Roger was born in Surbiton, London on 23rd October 1943. Roger Scott developed a love of early rock & roll music. As a teenager, he began playing records out of the window of his suburban London home and watching the reaction of passers-by to the music and also by listening to music on Radio Luxemburg.
His Father, Derek, was a musician, who had appeared on stage as part of a double-act with comedian, Tony Hancock as half of “Hank & Scott.”
After a brief time as a merchant seaman, Scott found
his way to the United States and joined the radio station WPTR in Albany, New York in 1966. Scott’s job, based on his British accent, was to be ‘friend of the Beatles’, and he learned the craft of the disc jockey, working with Boom Boom Brannigan and other legendary names at the station.
Eleven months later he left WPTR to become the evening presenter at the Montreal station 1470 CFOX. From 1967 to 1971 he became legendary at the station for his on-air antics and for his passionate love of music. Notable during this time was his participation in Give Peace a Chance, recorded by John Lennon with Yoko Ono during their “Bed-in” for peace at the Queen Elizabeth Hotel in Montreal.
Anticipating the launch of legal land-based commercial radio, Scott returned to the UK in 1971, only to find the introduction was not as advanced as he had anticipated. Meanwhile he secured a position at UBN, a closed-circuit station broadcasting music to all the United Biscuits factories nationwide. It was about this time he also had a brief stint on BBC Radio 1 but, anticipating a future in commercial radio, he did so under the pseudonym ‘Bob Baker‘.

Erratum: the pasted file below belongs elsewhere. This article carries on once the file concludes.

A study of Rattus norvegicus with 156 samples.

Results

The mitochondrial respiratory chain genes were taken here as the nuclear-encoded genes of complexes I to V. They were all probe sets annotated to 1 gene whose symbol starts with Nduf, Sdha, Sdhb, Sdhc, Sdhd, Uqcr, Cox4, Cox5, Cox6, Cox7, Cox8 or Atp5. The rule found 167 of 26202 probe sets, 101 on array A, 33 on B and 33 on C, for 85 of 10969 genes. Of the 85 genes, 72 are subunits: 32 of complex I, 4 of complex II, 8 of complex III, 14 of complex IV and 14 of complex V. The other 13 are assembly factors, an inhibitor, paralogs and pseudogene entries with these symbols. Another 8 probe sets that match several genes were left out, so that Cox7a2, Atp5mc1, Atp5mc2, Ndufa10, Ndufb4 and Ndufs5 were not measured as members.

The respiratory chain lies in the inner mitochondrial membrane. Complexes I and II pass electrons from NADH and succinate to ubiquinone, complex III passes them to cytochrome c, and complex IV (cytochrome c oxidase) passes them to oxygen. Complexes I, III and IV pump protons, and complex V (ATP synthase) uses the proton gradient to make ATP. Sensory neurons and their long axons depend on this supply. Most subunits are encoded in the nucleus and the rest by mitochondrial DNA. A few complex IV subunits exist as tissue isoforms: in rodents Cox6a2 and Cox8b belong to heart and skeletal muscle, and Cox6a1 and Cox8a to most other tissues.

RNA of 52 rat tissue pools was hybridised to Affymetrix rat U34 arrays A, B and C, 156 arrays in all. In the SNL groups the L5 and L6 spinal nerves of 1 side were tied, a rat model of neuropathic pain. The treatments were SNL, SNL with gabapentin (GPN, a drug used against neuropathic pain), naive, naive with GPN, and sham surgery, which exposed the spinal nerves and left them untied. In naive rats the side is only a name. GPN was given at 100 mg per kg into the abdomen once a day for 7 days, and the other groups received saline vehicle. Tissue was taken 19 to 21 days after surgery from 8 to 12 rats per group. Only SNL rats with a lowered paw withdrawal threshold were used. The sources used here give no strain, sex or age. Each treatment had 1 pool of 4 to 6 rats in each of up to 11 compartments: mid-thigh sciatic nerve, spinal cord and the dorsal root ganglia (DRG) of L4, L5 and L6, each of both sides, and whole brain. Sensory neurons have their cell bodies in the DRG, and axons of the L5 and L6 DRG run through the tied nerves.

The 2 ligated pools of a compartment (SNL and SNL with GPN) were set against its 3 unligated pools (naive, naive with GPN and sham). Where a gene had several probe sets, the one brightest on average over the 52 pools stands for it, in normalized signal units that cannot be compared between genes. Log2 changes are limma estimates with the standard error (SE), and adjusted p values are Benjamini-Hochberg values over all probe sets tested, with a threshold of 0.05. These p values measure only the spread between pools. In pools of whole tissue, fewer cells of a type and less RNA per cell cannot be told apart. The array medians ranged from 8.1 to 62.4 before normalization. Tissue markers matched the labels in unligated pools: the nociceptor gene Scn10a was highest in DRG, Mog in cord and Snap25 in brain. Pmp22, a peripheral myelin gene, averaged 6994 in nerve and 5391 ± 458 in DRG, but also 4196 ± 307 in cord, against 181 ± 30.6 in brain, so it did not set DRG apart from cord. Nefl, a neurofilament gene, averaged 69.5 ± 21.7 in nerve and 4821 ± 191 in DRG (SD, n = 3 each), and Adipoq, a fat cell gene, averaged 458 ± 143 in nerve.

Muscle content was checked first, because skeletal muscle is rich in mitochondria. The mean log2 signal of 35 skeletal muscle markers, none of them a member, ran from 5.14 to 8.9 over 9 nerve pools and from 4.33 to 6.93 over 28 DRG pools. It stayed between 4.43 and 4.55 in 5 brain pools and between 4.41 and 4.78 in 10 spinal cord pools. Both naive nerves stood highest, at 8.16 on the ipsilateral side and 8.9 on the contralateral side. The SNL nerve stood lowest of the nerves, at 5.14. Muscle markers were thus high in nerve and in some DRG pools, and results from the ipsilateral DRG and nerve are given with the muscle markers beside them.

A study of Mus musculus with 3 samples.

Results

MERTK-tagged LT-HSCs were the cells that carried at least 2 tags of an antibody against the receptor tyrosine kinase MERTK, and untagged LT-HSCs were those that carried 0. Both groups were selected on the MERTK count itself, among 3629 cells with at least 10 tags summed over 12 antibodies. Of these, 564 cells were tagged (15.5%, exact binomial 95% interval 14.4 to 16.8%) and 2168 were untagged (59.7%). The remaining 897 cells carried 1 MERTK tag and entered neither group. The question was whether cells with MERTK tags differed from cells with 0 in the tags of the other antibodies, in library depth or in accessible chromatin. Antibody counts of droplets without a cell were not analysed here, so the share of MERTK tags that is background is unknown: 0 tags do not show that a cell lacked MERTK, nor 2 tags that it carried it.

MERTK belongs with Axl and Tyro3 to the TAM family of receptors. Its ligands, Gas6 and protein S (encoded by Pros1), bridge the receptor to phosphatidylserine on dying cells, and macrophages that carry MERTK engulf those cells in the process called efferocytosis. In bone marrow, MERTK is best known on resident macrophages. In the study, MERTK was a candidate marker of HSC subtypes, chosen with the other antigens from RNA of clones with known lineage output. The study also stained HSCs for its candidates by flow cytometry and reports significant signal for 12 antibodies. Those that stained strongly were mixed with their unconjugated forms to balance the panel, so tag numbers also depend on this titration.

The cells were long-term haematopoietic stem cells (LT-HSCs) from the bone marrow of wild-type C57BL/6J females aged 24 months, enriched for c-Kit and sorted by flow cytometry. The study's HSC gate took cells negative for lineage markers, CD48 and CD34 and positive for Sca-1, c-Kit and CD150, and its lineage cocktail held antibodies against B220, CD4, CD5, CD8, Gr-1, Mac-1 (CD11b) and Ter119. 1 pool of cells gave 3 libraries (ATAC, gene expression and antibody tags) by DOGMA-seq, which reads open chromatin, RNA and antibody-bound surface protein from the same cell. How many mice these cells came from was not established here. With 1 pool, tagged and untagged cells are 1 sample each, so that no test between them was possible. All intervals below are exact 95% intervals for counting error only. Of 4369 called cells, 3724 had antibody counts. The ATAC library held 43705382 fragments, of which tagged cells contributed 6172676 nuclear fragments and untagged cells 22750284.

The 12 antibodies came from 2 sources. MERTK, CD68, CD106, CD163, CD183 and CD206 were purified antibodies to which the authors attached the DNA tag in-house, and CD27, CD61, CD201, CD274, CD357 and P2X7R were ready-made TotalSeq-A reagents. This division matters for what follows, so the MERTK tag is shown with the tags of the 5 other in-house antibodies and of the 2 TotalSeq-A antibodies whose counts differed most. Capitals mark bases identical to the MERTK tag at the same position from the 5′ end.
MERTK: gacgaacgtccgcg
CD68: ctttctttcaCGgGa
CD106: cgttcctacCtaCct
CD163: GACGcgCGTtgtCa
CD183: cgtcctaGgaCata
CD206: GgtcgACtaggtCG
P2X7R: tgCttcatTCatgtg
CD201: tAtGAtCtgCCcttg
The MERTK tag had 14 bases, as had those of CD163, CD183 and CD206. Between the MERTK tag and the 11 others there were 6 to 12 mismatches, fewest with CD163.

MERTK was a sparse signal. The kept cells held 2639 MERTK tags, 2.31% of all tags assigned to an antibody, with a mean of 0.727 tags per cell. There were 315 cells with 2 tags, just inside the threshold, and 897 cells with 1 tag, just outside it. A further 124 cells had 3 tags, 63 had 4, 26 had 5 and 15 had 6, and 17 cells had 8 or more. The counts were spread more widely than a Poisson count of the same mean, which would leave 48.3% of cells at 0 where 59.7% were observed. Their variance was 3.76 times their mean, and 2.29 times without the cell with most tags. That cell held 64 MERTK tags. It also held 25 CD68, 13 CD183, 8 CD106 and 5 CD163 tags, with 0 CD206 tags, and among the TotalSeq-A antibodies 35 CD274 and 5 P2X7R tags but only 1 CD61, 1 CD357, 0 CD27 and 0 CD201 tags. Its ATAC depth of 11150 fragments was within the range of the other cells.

Commercial radio was finally authorized at the end of 1972, and in 1973 he joined the original on-air line-up of London’s Capital Radio. Scott’s afternoon drive-time shows became immensely popular with Londoners, generating such landmark features as the ‘Three O’Clock Thrill‘ and the daily ‘Hitline‘, together with the jingle ‘Grab a little piece of heaven’ by David Dundas. In 1976 his regular Friday rush-hour oldies show “Cruising” acquired a cult following, largely owing to his introduction of obscure rock-a-billy records to his London audience for the first time.
In the late 80s, Capital decided to split their frequencies at the weekend with it’s 95.8 FM frequency dedicated to adult oriented rock. It’s called this service, CFM. Roger was given a new show on this service called “Brunch” which he co-hosted with Paul Burnett, Jeremy Pascall, Angus Deayton, Jan Ravens and Steve Brown.
In June 1988, after fifteen years with Capital, he moved to commercial-free BBC Radio 1. There, he reached a national audience for the first time, presenting a Saturday afternoon show and a late night Sunday show. The Saturday show featured interviews with many artists, and during this time Scott interviewed Dion, Jackson Browne, Don Henley and many others. The Sunday shows were more eclectic, featuring 1950’s rock’n’roll, soul, classic rock and more contemporary music.
Roger Scott died on the 31st of October, 1989, at the age of 46, after a brief battle with throat cancer.
In 2010 a tribute to Roger was aired on radio stations around the world as part of Alex East’s “It’s Only Rock ‘n’ Roll” radio show. A show which was inspired by Roger’s Cruising segment. Participants included: Jan Ravens, John Sachs, Mick Brown, Dave Cash, Paul Burnett and Marc Denis. You can hear this show by clicking on the Roger Scott Tribute link above.